What to Pack for a Road Trip

Jack Kerouac. Ed Abbey. Willie Nelson. Nellie Bly. John Denver. Simone De Beauvoir. Alexander Supertramp. The road trip is endlessly romanticized in American literature and folklore, and rightly so: When done right, road trips can be a game-changing adventures. But all the best adventures are inherently laden with potential pitfalls if you don’t plan ahead and pack wisely.

No two roadtrips are the same, but here’s a quick and simple packing guide for whatever adventures wait on your horizon. Let’s start with a basic three-point checklist, and then we’ll break it down from there:

1. Emergency Readiness (including the Ten Essentials) 

2. Know Your Needs (food, water, sleep, showers, places to work/do laundry, etc.) 

3. Know Your Route (What special hazards, restrictions, etc, do you need to be aware of? What special attractions and pit-stops should you consider?)

Emergency Readiness

Nothing can ruin a road trip faster than an emergency for which you aren’t prepared. And while there are plenty of things for which you simply cannot be prepared, planning as best you can goes a long way. Start by ensuring you always have the Ten Essentials in your vehicle; quite a few of the most common road trip disasters are made less awful simply by having those ten essentials with you.

You can further bulk up your Ten Essentials by adding a few things that might help you stay comfortable on the road should an emergency arise. If you break down, for instance, and need to wait several hours for help to arrive, having a good book (or three) with you can help you pass the time with ease.

  • Do you know how to change a tire? If you don’t, I bet someone you know does, and would happily teach you. 
  • Do you have a AAA (or other roadside assistance) membership? I’m a fully capable human, but I don’t drive anywhere without my AAA card. If you spend enough time on the road, odds are good you’ll eventually need a tow, and when you do, that membership pays for itself. 
  • Consider packing a solar charger so your phone can stay juiced even if your vehicle’s electrical system is out of commission. Always be sure to consider weather in your emergency readiness plans, too. 
  • Bring layers, blankets, and shoes comfortable enough to walk long distances in, should you need to.  
  • Your state of mind is also a part of your emergency readiness. Be flexible and prepared for things to go wrong somewhere along the trip, and you’ll be much more able to cope when they do just that. 

Know Your Needs

Being self-aware also goes a long way toward a good road trip. What do you need to feel good about life? Are you someone that needs to shower every day? Factor that into your route or pack a solar shower to take with you. Will you need to work while you’re traveling? If so, set aside everything you’ll need, and then make a plan to find Wi-Fi when you need it. Are you going to be on the road for several days, weeks, or months? Consider what special medical or dietary items you might need and pack accordingly. 

You might also want to research places you can do laundry along the way, so you don’t have to pack as heavily. (Don’t forget biodegradable soap if you’ll be washing your own clothes!) Similarly, consider where you’re going (and where you’ll be sleeping) and pack your food, water, and related gear accordingly. When you’re traveling by vehicle it’s always better to have more food and water than you need vs. not packing enough, especially if you’ll be traveling in remote areas. Remember to save room for a cooler, and have a plan for keeping your cooler and any food (which includes stoves and cooking utensils) away from wild animals.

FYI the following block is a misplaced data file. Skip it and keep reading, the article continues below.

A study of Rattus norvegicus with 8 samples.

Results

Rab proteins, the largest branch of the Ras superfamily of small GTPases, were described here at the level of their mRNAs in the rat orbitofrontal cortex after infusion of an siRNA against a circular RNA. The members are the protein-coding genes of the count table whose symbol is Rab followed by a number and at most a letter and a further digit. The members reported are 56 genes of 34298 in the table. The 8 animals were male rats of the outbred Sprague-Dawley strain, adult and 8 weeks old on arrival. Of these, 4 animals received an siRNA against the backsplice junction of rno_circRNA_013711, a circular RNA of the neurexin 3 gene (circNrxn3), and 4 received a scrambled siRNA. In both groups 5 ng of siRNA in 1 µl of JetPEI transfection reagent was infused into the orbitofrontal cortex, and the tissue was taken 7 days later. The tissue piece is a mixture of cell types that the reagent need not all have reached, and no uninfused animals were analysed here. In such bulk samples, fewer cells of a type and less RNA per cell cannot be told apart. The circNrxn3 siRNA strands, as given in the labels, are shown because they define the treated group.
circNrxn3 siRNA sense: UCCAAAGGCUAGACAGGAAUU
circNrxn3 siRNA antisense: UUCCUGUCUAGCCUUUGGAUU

Know Your Route

Your route will factor heavily into your packing list. Will you be driving through the Midwest or at high elevations in winter? If so, make sure you have emergency layers, blankets, and a way to make a fire, and/or boil water. Will you be driving through Arizona in July? If so, you’ll want to make sure you have lots of extra water, fresh fruit, and sunblock. If you’ll be camping on your road trip, take that into consideration as you pack; what will you need to have a good camping trip? I recommend some basic meal-planning for the first few days, and then as you hit the road, you can use your maps and savvy senses to find local farmers markets and grocery stores. Don’t forget headlamps and (solar-powered) lanterns, and if you’re planning to have campfires on your trip, make sure to source your wood locally.

Similarly, if there are any special attractions on your route, be sure to consider them in your packing list, as well. Does your route go by hot springs or other water spots? You’ll likely want sandals, something to soak in, and a microfiber towel. Does your route go by a bevy of trails you want to hike? Don’t forget a hiking pack, water bottles, trail snacks, a headlamp, and any maps you might need to reference. 

Road trips are nothing if not a great adventure, and can be a fantastic way to learn more about yourself and the world around you—if you plan and pack appropriately. Use the principles outlined above and you’ll be well on your way to the sort of road trip adventures you can wax poetic about for the rest of your days.

Narrator: This blog was thoughtfully written by Kerri Anne Stebbins. You can find her on Instagram @kerri_anne.